Beirut 2012 properties sale stale
Some 72 percent of residential projects in Beirut completed over the course of 2012 with a market value just shy of $400 million are still unsold, according to a study released Tuesday by real estate adviser RAMCO.
In the study RAMCO said that 217 apartments – representing a total of 71,361 square meters – completed in 2012 remain on the market.
The study further proves that economic stagnation and political uncertainty are taking their toll on the once-thriving real estate market in Lebanon.
Most developers and brokers have told The Daily Star that potential buyers have been focusing more on small-to-medium-size flats outside the capital.
According to RAMCO, 18 – or 28 percent – out of 65 residential projects with an asking sale price of at least $2,800 per square meter are completely sold out.
“This selection of 65 buildings posts an overall take-up ratio of 82 percent,” the report said.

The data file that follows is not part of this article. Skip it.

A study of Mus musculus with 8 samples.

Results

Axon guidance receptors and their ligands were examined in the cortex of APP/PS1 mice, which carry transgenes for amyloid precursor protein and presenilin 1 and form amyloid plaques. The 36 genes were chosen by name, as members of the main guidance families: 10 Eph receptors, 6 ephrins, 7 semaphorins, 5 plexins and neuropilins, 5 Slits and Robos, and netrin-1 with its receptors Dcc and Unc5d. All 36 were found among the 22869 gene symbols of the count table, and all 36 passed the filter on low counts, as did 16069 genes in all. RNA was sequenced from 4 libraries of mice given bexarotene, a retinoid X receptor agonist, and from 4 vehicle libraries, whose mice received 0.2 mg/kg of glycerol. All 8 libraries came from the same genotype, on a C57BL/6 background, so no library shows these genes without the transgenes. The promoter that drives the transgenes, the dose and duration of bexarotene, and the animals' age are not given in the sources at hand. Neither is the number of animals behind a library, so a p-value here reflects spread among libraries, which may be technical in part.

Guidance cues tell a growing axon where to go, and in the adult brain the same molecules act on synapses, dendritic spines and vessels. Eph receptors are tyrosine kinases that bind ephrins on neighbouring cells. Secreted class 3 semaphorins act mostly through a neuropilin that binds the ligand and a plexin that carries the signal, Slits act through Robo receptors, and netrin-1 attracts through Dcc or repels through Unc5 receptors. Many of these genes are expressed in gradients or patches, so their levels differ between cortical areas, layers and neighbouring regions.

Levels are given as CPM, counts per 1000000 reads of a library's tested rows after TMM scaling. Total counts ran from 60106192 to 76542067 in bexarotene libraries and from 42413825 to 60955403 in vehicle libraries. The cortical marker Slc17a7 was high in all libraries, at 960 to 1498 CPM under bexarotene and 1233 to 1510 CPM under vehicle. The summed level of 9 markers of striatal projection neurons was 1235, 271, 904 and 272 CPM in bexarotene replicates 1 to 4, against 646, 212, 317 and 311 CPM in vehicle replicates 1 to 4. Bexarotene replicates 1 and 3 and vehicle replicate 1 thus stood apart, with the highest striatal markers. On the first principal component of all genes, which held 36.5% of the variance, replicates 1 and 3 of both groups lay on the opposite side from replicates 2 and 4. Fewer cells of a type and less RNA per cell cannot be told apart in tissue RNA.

“A total of about 100 projects were completed across Municipal Beirut in 2012 but the study retained only the 65 projects that have a sale price above $2,800 per square meters.”
RAMCO added that building projects completed in 2012 were launched between 2008 and 2009.
“They thus benefited from a booming residential market. The high take-up ratio could thus be slightly inflated by the excellent sales of the years between 2008 and 2010, whereas transactions were notably slower in 2011 and 2012,” the report explained.
“Although the current take-up ratio is slightly lower than take-up ratios of the boom years, which used to stand around 85 percent, it is a very slight drop, and it is too early to say whether it is a long-term change in market trends or simply a temporary consolidation phase,” said Raja Makarem, founder and managing director of RAMCO.
There is also wide concern that the stagnation in the real estate market will continue if politicians fail to form a new Cabinet and if the Syrian conflict further spills over into Lebanon.
The low demand for properties is also affecting the revenues of the Finance Ministry which relies heavily on the taxes from any real estate transaction.